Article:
This past weekend we had our fourth postdoc photo workshop, the theme was levitation. The idea is that we use either precisely timed jumping shots, or composite images, to make it look like our subject is flying. Our group was joined by a dancer, Tara Thean. The evening started with Jean-François Mercure talking about depth of focus, exposure and curves in the new PdOC centre on Mill Lane. After that we had a short presentation showing what we were going to do, and some inspirational shots to get everyone in a creative frame of mind. One of the things I was eager to try out was to see if we could do some floating over water photos.
We walked out on the grass behind the Anchor and did some normal jumping shots with Tara on land while Zuzana went off to procure a punt. When shooting jumping shots you have to think about your timing. If you catch the jumper at the peak of the jump they will be hanging still for a split second, and if the jumper is a dancer then this is probably the time when the pose looks the best, limbs fully extended. On the decent you get the hair flying upwards, which may or may not be what you want. Be sure to pay attention to the background. Here there are two options, either you want to put your subject in an interesting context that adds something to the image, or you want a background that does not distract from your subject. Both can give great shots, but try and make it a conscious decision. At one point we all lay down with our cameras close to the ground to try and get our dancer silhouetted against the sky.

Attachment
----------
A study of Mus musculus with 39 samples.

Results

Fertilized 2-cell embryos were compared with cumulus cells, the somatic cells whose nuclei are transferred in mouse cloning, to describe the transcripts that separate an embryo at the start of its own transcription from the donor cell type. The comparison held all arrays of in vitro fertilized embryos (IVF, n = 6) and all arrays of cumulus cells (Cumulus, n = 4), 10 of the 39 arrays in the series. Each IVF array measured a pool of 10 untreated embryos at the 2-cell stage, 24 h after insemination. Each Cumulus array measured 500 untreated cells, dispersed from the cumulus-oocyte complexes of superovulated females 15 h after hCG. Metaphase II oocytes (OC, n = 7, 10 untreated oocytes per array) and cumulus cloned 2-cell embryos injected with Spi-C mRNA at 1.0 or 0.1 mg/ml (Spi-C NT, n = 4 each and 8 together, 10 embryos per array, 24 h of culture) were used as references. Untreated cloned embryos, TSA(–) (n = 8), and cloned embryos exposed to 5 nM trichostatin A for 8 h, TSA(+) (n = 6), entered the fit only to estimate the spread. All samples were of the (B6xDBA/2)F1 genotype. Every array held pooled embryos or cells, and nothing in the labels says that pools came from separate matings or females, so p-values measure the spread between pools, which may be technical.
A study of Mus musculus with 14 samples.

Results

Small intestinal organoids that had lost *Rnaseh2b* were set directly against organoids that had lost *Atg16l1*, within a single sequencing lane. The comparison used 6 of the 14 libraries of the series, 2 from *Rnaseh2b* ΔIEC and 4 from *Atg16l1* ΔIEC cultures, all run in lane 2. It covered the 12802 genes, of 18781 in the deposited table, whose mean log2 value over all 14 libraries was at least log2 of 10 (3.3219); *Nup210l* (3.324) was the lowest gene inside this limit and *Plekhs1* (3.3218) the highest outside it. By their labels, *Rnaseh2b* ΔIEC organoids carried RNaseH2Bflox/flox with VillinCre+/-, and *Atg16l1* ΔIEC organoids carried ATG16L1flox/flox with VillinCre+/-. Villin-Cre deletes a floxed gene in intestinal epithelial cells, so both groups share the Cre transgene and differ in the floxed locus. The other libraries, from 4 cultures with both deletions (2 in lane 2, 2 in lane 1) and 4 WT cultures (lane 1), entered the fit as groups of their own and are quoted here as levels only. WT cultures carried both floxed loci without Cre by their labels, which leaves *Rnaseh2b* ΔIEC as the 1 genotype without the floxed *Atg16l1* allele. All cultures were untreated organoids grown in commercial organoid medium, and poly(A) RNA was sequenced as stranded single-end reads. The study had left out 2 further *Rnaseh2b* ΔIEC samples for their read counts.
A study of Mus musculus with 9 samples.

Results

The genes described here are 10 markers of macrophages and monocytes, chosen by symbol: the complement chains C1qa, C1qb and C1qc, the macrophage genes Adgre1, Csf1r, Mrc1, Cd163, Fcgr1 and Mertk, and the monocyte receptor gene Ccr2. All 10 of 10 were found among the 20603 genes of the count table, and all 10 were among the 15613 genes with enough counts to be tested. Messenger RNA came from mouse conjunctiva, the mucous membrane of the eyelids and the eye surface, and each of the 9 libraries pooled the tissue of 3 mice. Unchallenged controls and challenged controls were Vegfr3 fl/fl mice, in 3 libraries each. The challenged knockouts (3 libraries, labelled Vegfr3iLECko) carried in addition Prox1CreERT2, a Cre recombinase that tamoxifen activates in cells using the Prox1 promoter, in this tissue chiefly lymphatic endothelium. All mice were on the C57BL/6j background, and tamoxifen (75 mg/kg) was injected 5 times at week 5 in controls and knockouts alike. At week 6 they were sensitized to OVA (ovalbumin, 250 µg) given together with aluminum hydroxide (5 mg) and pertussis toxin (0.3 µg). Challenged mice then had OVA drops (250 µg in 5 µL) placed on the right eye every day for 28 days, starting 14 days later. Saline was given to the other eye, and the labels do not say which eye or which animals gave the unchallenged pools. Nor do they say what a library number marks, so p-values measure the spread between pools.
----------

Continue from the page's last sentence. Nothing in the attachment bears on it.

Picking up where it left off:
Once the punt arrived then JF and Tara went out on the water. Here the idea was that after JF had positioned the punt Tara would make a few jumps, then while we all kept the cameras fixed, the punt would leave and we would take one more shot this time of just the background. By combining a jumping shot with a background shot, we could use some quick photoshopping to remove the punt and make it look Tara was floating over the water. You can do this hand-held, but if you have a tripod, then that helps a lot. Positioning the punt seemed to be the most difficult bit of this shot, just make sure that there is no part of the punt that is behind your subject, otherwise you will have a lot more photoshop work to do.
After doing this for a while we swapped places, and put some of the photographers in the punt and had our dancer run around to the other bank of the river. Those who did not fit in the punt kept shooting from the river bank. Here the original plan was to get low to work with the reflections in the water.
Time really passes quickly, and it was time for lunch so we went over to the Granta to eat and debrief. It was a lot of fun, and I am quite happy with how the photos turned out. Photoshopping the punt out is relatively easy since you have two photos. If they are a bit misaligned then you can use the auto-align function in photoshop to fix that. The only thing you need after that is a layer mask. Of course, a bit of curves adjustments and sharpening (I’m still getting used to doing that, only did it in one of these photos). Have fun and play around with this! If you want to see what we did during the previous workshops have a look at our fire spinning workshop, our Grantchester workshop and our portrait workshop.